Behind the Scenes: What It's Really Like to Pitch for a Spot on 'Shark Tank'
Grow Your Business, Not Your Inbox
Ann Delmarmo, an entrepreneur and single mother, is standing in Pier 92, the massive event space playing host to this year's Small Business Expo in New York City. She is among the hopefuls lined up to speak with casting directors for Shark Tank, the ABC reality TV show in which entrepreneurs pitch their business concepts to angel investors.
"I feel that I could set off a feeding frenzy," says Delmarmo, eyes laser-focused.
Although it wasn't an official casting call, two casting directors listened to pitches at the Shark Tank booth, taking notes and on the lookout for potential talent. It was a popular attraction. By noon on Thursday, a long line of hopefuls clutching papers and props for their pitches stretched out in front of the booth. One woman earlier in the day brought Tupperware containers filled with her company's gluten-free baked goods.
"We're looking for businesses in all stages of development," says casting director Emily Eldridge. "Everything from multimillion-dollar companies to brand new products."
So what makes a good pitch for Shark Tank? If you can condense your vision and the unique value of your product, along with supporting facts and figures, into a passionate 30- to 60-second presentation, that's a great pitch, Eldridge says. On the other hand, you can be too confident. When one hopeful said she would be asking the Sharks for a whopping $2 million, Eldridge balked.
During Delmarmo's pitch, she planted her hands on the table and leaned in close to present her product: vibrant, reusable cotton napkins she calls "eco-kins" that are handmade in the United States from sturdy fabric. She showed Eldridge samples of the six-inch-by-six-inch napkins, which are intended primarily for use by schoolchildren. A mother of two boys, ages 6 and 9, Delmarmo got the idea for her product while packing school lunches. She sells the napkins in packs of two for $10 and packs of eight for $35.
Delmarmo says she would ask the Sharks for $100,000 in exchange for a 10-percent equity stake. Her goal would be to sell online first, and then later to break into small retail stores and upscale boutiques. Currently, she is selling directly to schools, which she started doing last month. Her entrepreneurial drive comes partly from her desire to be able to work from home and be there for her boys. "They're only young for so long," she says.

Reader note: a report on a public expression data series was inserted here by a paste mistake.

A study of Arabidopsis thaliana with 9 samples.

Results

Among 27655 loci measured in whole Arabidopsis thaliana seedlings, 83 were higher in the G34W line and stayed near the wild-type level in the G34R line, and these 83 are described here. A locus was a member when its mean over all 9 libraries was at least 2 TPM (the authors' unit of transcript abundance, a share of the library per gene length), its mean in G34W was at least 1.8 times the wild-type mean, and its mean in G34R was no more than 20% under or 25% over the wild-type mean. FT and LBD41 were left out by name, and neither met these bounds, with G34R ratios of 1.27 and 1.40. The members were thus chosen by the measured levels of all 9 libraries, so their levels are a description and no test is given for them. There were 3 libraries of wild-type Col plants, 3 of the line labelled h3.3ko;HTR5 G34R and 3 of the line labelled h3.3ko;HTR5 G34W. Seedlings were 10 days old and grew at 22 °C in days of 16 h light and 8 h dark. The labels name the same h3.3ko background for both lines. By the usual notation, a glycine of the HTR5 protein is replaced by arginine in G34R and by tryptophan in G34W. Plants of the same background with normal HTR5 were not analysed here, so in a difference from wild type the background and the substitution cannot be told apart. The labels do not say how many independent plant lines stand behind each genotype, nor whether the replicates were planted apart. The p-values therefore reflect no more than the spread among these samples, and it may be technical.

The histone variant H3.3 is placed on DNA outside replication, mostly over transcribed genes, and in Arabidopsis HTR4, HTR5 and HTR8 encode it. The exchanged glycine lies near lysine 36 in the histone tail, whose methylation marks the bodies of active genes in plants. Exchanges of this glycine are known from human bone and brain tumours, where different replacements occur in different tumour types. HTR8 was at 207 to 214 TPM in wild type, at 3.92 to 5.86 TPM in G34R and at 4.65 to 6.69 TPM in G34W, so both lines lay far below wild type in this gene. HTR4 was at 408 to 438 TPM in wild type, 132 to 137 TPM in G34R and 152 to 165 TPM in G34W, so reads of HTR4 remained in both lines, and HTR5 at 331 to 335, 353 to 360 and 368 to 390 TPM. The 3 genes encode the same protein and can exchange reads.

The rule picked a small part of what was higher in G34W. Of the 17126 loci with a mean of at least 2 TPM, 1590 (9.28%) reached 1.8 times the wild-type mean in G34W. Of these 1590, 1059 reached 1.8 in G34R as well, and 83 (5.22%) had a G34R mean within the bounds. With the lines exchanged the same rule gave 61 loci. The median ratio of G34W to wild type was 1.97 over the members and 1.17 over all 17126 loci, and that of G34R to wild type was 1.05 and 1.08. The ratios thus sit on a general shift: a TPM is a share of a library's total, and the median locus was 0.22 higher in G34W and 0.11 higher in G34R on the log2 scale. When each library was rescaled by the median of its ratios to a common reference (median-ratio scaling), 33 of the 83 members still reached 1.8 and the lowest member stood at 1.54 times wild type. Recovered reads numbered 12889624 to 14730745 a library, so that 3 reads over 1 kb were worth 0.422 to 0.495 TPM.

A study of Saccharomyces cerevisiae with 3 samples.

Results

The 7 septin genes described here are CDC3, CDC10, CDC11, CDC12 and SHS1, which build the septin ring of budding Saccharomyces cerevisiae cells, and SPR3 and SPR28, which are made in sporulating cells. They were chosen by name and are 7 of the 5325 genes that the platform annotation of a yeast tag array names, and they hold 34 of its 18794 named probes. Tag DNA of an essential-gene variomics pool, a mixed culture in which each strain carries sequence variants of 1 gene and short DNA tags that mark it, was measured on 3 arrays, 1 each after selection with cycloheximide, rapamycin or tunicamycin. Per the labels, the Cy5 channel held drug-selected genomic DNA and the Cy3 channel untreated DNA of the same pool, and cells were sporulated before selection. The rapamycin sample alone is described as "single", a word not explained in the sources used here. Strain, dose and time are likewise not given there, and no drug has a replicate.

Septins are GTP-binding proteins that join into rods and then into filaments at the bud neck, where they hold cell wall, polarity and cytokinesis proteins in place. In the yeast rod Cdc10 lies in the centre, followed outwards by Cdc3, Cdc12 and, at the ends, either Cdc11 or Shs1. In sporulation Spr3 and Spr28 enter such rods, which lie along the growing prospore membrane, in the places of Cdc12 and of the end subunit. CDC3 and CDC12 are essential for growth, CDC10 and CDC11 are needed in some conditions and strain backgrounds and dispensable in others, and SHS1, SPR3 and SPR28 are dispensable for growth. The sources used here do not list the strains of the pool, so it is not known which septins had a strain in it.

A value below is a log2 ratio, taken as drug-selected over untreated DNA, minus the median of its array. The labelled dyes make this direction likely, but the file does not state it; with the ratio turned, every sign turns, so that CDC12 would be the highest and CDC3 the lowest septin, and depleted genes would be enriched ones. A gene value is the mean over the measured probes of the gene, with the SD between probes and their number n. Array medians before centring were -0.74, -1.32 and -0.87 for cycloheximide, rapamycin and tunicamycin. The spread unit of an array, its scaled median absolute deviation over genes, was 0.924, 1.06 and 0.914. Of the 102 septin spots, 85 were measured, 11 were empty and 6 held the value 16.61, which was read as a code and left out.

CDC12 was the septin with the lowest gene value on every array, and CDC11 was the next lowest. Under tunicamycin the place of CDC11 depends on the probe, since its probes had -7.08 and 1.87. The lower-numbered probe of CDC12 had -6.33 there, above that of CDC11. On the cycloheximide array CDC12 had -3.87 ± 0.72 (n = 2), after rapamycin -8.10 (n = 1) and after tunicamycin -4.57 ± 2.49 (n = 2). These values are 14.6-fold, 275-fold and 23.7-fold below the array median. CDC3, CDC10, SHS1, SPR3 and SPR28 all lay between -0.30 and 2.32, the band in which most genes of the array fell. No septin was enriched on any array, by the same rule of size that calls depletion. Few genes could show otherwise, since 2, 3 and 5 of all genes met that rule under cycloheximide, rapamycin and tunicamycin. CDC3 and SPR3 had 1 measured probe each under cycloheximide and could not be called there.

Paul Ackel is another small-business owner who pitched to the casting directors. Two years ago he founded Ampridge, a company that makes cable adaptors for Apple products. His niche: adaptors that let you plug a real guitar or microphone into your iPhone or iPad to play music on apps such as Garage Band, which is a virtual recording studio. As Ackel tells it, his products are the first such adaptors that don't contain active electronics. That means they don't drain energy from batteries or the Apple device, and they don't interfere with the quality of sound from the guitar or microphone.
"There are so many musicians; there are so many people with Apple devices," Ackel says. "All you really need to do is let people know that this exists and you have a huge potential market."
Ackel, who previously worked as a salesman for companies that serve the music industry, says few people are aware of his product. Ampridge made about $25,000 in sales last year. He says he would ask the Sharks for between $100,000 and $150,000 in exchange for 30 percent of his business. While Delmarmo seeks money to ramp up her production and break into retail stores, Ackel says he would use much of the investment to hire a full-time head of marketing, whose responsibilities would include social media outreach.
The Shark Tank casting directors told Delmarmo, Ackel and the other entrepreneurs that they would be in touch by the end of next week -- but only if the hopefuls were moving on to the next round of casting.